Kiran Mann has a passion for humanitarian activism, and when she isn’t studying sciences at UBC with the goal to attend medical school and become a physician, she’s getting involved in the community by raising money for local and international charities. Mann is one of the four co-founders of Youth Transforming Society (YTS), which is a youth group that spreads awareness about humanitarian issues.
In 2010, a devastating earthquake and tsunami shook residents of Haiti leaving survivors grief stricken. Mann and her three close friends were deeply motivated by the plight of those in need and started a bottle drive to raise money, and in turn founded YTS. The group raised $1,000 for the Haiti Relief Project, which then motivated them to find more opportunities to get involved in society.
Mann’s motivation to be selfless comes from the happiness people receive from her volunteer work. She provides an example, the volunteers from YTS held a holiday breakfast in December that emotionally impacted her. “I really got to see the effect of our work because the people we were serving at the breakfast had smiles on their face, and we were the reason for that.”
Despite having a busy university life, the 19-year-old has continued working with YTS after she graduated high school and has coordinated recent fundraisers. “When I see someone else smile, it puts a smile on my face, it keeps me positive. I really need that,” she says. During spring break of 2012, Mann and YTS raised $1,500 for the Japan Relief Project through a self initiated bottle drive, and the following year they raised over $2,000 for the Nicaraguan Women Farmers Project.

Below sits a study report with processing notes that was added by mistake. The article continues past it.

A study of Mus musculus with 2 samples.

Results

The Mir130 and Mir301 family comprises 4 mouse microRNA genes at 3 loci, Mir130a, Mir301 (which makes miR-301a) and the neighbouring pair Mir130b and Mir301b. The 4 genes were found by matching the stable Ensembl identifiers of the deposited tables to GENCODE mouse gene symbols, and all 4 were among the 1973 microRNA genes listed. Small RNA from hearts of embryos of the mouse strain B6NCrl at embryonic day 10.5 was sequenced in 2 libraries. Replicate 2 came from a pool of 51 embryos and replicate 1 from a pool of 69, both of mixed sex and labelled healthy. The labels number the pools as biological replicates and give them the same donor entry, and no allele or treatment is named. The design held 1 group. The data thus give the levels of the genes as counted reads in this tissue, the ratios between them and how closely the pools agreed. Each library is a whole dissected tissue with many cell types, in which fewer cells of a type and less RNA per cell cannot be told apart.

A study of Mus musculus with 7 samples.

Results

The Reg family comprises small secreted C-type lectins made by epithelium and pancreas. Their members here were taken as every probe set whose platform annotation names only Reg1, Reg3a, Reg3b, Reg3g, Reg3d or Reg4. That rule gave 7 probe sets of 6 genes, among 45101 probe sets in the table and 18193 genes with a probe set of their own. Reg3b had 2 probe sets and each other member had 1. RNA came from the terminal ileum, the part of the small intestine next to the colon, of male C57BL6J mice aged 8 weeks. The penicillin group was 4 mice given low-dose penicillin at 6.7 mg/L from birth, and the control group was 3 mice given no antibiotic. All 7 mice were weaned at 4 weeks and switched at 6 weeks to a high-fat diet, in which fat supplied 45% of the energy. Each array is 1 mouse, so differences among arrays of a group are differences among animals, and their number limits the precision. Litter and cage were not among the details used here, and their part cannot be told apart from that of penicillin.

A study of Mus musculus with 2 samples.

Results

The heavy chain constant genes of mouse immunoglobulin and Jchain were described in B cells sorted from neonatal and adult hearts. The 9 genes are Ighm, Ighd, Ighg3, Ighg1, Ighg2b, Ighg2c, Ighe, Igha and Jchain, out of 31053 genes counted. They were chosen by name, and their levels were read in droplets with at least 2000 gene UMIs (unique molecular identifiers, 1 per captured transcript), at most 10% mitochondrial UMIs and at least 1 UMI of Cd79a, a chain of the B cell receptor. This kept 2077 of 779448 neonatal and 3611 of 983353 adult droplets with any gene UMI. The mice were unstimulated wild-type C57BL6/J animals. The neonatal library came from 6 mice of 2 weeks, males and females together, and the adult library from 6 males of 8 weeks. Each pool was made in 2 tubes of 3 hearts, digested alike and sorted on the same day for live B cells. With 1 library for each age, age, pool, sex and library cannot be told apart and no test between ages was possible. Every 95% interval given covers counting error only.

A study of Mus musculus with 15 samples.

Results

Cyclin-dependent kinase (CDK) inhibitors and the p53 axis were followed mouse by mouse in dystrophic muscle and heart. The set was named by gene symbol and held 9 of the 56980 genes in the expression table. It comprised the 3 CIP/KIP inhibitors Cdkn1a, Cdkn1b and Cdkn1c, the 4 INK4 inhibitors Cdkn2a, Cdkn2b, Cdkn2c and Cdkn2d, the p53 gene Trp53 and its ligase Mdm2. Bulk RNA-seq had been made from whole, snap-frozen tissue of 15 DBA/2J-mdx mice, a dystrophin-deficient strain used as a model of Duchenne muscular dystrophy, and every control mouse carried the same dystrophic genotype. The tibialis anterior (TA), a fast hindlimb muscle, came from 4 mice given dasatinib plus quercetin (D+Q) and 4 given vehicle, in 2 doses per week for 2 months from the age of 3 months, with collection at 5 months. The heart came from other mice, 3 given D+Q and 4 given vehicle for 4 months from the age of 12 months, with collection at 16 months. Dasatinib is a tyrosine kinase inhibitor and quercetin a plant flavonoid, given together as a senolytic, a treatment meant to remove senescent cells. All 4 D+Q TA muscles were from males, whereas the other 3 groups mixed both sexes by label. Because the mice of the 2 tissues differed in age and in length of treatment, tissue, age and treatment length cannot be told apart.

Mann is the eldest child of an immigrant family that moved to Canada from India over two decades ago. Her grandfather was a teacher in India and fostered the vision of his grandchildren growing up with strong family values and access to education so that they can learn and help others. She says that she is carrying out her grandfather’s dream to help society one day at a time.
The biggest advice she gives to other youths is that donating your time for a good cause without expecting anything in return makes others happy, as well as yourself from seeing people’s gratitude.
“I got a message about a few weeks ago from someone at my school thanking me, because my work has inspired him and his friends to get involved in volunteering,” she says. Mann says that this compliment has given her fulfillment in knowing that she impacted someone’s life to get involved in society.
Seeing YTS grow from four members to almost 90, Mann considers this as one of her biggest achievements. “Our cause is getting out there and more known to people and we can see it in the number of volunteers that come out,” she says.
Her hard work and leadership initiatives in raising money for charities comes from the goodness of her heart. She says that she doesn’t volunteer with the intention of getting something in return, just the satisfaction that she helped those in need.